Sephardim break the fast with several refreshing beverages: sweet "milks" made from almonds or pumpkin seeds; juices of pomegranates, apricots, watermelon, or apples. American Ashkenazi Jews traditionally drink fresh orange juice, befitting a meal at which they typically serve breakfast foods. This gorgeous juice - a mixture of pomegranate and orange - combines the best of both cultures.
Pour your guests these break-the-fast beverages in fine, clear crystal to capture the swirl of colors. Serve regular sunsets in tall tumblers or water goblets; offer frozen sunsets in stemmed cocktail glasses, like frozen margaritas.
Chilled orange juice - about 4 ounces for each serving
Fresh or bottled pomegranate juice (See Cook's Note) - 3-4 ounces for each serving
Mint leaves and/or thin slices of fresh orange, for garnish
1. For regular sunsets. Pour the orange juice into tall glass tumblers or large water goblets filled with ice cubes. Gently pour in the pomegranate juice to taste (I usually combine approximately half and half proportions, but exact amounts will depend on the sweetness of the juices as well as personal preference). Colors should be marbled like a vibrant sunset; if necessary, lightly mix by swirling pomegranate juice through orange juice with a cocktail stirrer or chopstick. Garnish each glass with a mint leaf and/or orange slice. Serve right away.
2. For frozen sunsets. Fill an ice cube tray with pomegranate juice nad freeze until completely solid. Put about 8 frozen pomegranate cubes in a blender. Add 1 cup of orange juice and process until smooth. Divide between two large stemmed glasses, serve with a straw, and garnish with mint leaves and a slice of fresh orange. Serve straightaway. (If the liquid begins to separate from the frozen froth, just stir it up with a cocktail stirrer.)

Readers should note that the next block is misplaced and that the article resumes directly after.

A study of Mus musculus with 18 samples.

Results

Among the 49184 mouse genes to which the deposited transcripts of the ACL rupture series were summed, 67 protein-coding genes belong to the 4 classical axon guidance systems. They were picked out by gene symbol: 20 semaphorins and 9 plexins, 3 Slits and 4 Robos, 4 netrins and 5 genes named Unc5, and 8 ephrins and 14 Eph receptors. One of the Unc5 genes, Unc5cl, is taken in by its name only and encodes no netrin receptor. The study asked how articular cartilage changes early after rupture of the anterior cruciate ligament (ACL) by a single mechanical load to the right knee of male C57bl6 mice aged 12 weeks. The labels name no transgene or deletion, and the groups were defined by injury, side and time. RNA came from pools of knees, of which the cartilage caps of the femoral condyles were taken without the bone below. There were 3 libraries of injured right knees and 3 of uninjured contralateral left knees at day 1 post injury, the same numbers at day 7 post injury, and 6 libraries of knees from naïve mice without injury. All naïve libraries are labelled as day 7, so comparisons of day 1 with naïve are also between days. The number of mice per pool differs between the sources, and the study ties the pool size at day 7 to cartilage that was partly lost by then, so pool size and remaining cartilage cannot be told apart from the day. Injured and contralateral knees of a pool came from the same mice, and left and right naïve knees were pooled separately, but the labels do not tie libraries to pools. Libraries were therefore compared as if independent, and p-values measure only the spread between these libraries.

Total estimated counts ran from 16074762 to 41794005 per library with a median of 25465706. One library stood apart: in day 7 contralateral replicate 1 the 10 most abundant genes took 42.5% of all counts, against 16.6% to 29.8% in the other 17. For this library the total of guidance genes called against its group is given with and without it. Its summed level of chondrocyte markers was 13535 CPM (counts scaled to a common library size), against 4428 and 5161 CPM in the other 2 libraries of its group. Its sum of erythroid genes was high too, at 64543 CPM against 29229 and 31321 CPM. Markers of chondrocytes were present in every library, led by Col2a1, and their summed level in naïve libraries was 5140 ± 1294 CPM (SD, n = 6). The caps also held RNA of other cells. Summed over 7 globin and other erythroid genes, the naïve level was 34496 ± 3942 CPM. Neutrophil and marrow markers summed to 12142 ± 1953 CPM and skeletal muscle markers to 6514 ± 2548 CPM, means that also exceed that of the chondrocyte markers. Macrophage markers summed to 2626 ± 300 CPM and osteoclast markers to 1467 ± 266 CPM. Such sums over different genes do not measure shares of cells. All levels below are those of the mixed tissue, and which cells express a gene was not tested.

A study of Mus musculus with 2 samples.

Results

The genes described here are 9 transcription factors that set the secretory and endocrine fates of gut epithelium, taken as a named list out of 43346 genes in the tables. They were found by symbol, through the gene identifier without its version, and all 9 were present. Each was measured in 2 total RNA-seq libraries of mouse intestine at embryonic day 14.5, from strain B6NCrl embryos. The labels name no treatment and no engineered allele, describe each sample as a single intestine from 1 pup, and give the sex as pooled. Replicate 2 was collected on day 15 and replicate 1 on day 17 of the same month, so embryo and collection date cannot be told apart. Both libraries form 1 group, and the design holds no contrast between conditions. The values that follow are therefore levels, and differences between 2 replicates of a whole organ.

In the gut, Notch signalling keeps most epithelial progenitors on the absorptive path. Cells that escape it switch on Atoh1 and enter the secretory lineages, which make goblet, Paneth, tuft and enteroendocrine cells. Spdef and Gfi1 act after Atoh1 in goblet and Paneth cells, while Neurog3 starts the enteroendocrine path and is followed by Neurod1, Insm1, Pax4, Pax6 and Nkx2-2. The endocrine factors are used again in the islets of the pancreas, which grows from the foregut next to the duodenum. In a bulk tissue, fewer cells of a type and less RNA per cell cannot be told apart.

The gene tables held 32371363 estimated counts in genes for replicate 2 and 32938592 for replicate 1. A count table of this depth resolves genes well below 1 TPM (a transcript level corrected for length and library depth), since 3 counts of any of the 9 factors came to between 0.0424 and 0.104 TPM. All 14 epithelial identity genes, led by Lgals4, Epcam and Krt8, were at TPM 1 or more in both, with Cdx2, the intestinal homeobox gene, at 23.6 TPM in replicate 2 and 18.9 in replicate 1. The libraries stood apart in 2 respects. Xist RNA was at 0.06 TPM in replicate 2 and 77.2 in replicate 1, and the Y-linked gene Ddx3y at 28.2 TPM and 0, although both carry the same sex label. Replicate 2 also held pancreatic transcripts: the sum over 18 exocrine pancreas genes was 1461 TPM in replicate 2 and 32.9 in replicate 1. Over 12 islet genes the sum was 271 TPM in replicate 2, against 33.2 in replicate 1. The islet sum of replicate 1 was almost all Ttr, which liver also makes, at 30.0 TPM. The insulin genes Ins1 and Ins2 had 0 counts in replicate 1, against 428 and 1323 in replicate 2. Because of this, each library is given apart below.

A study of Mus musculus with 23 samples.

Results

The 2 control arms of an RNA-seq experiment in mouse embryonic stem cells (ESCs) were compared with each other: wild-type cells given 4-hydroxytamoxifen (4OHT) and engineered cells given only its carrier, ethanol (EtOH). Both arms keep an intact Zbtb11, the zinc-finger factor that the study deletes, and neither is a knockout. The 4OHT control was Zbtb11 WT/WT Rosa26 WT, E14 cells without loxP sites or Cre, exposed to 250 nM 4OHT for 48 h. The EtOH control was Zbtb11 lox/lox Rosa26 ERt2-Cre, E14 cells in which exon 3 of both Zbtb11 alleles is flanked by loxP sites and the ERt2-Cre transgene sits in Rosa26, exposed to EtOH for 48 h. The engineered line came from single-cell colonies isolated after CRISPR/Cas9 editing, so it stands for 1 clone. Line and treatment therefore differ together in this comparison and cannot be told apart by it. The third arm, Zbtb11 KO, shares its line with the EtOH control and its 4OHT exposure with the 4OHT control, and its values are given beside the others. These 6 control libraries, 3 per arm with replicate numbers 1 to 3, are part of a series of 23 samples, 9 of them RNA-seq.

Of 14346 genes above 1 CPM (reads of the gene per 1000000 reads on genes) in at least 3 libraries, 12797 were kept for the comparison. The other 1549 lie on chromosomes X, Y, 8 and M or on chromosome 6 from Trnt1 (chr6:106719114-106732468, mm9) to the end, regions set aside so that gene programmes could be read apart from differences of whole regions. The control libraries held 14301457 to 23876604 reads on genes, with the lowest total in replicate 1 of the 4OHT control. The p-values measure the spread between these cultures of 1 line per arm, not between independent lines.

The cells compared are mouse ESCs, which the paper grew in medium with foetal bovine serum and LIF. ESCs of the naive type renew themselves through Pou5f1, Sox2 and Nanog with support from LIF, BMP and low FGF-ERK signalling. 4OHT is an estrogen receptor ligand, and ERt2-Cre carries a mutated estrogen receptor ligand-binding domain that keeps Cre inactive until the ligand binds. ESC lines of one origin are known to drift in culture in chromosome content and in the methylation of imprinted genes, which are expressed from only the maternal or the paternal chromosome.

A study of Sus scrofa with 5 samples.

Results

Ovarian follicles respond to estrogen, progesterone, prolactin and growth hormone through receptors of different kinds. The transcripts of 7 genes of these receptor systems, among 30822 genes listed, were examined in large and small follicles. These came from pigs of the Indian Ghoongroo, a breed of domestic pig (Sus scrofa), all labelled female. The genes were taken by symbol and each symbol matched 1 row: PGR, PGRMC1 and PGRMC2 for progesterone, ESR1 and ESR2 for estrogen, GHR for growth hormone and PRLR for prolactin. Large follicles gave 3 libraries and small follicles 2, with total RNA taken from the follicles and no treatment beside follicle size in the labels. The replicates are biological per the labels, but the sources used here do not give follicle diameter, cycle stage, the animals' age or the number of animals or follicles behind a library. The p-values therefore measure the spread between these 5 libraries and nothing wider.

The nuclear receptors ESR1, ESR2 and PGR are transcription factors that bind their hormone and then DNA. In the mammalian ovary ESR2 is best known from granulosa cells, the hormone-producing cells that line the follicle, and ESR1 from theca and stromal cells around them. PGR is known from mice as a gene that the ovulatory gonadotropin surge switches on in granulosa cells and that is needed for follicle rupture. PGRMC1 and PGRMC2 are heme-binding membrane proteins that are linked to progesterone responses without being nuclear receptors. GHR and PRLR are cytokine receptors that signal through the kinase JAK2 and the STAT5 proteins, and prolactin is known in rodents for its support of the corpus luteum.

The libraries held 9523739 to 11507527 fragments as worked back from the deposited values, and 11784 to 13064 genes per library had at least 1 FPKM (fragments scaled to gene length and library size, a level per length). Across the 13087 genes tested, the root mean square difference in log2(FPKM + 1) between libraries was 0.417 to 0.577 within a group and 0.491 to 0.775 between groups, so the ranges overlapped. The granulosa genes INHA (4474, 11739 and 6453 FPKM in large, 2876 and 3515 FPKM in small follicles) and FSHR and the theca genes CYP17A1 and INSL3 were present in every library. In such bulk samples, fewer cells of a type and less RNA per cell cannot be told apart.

COOK'S NOTE: To make fresh pomegranate juice, score just the rind of a pomegranate, as you would an orange, in quarters lengthwise. Then peel off the rind in sections carefully - it stains seriously! Scoop out the seeds and juice sacs surrounding them, breaking apart and discarding all the bitter white pith. Put the seeds and the juice sacs through a food mill, or whirl in a blender - not a food processor, which would crush the seeds - for 30 seconds, and then strain. Or rub the seeds and sacs against a strainer or colander. You can also put them through an electric juicer.
Just be sure to remove all of the acrid, mouth-puckering white pith. When I was pregnant with my daughter, the only thing that would settle my stomach was the terrific pomegranate punch served at Brownie's, an old vegetarian restaurant near me (now the site of the Union Square Cafe). One day, my insides in dire turmoil, I attempted to re-create the drink, throwing the entire peeled fruit, pith and all, in my juicer. I could have dyed a rug with it, but I couldn't drink it.
Three medium pomegranates will yield approximately 1-11/2 cups of juice. Fresh juice will keep for about 1 week in the refrigerator, 3 months in the freezer.
Pure, bottled juice is available at Middle Eastern shops and many specialty and health food stores. Don't use pomegranate molasses for this recipe.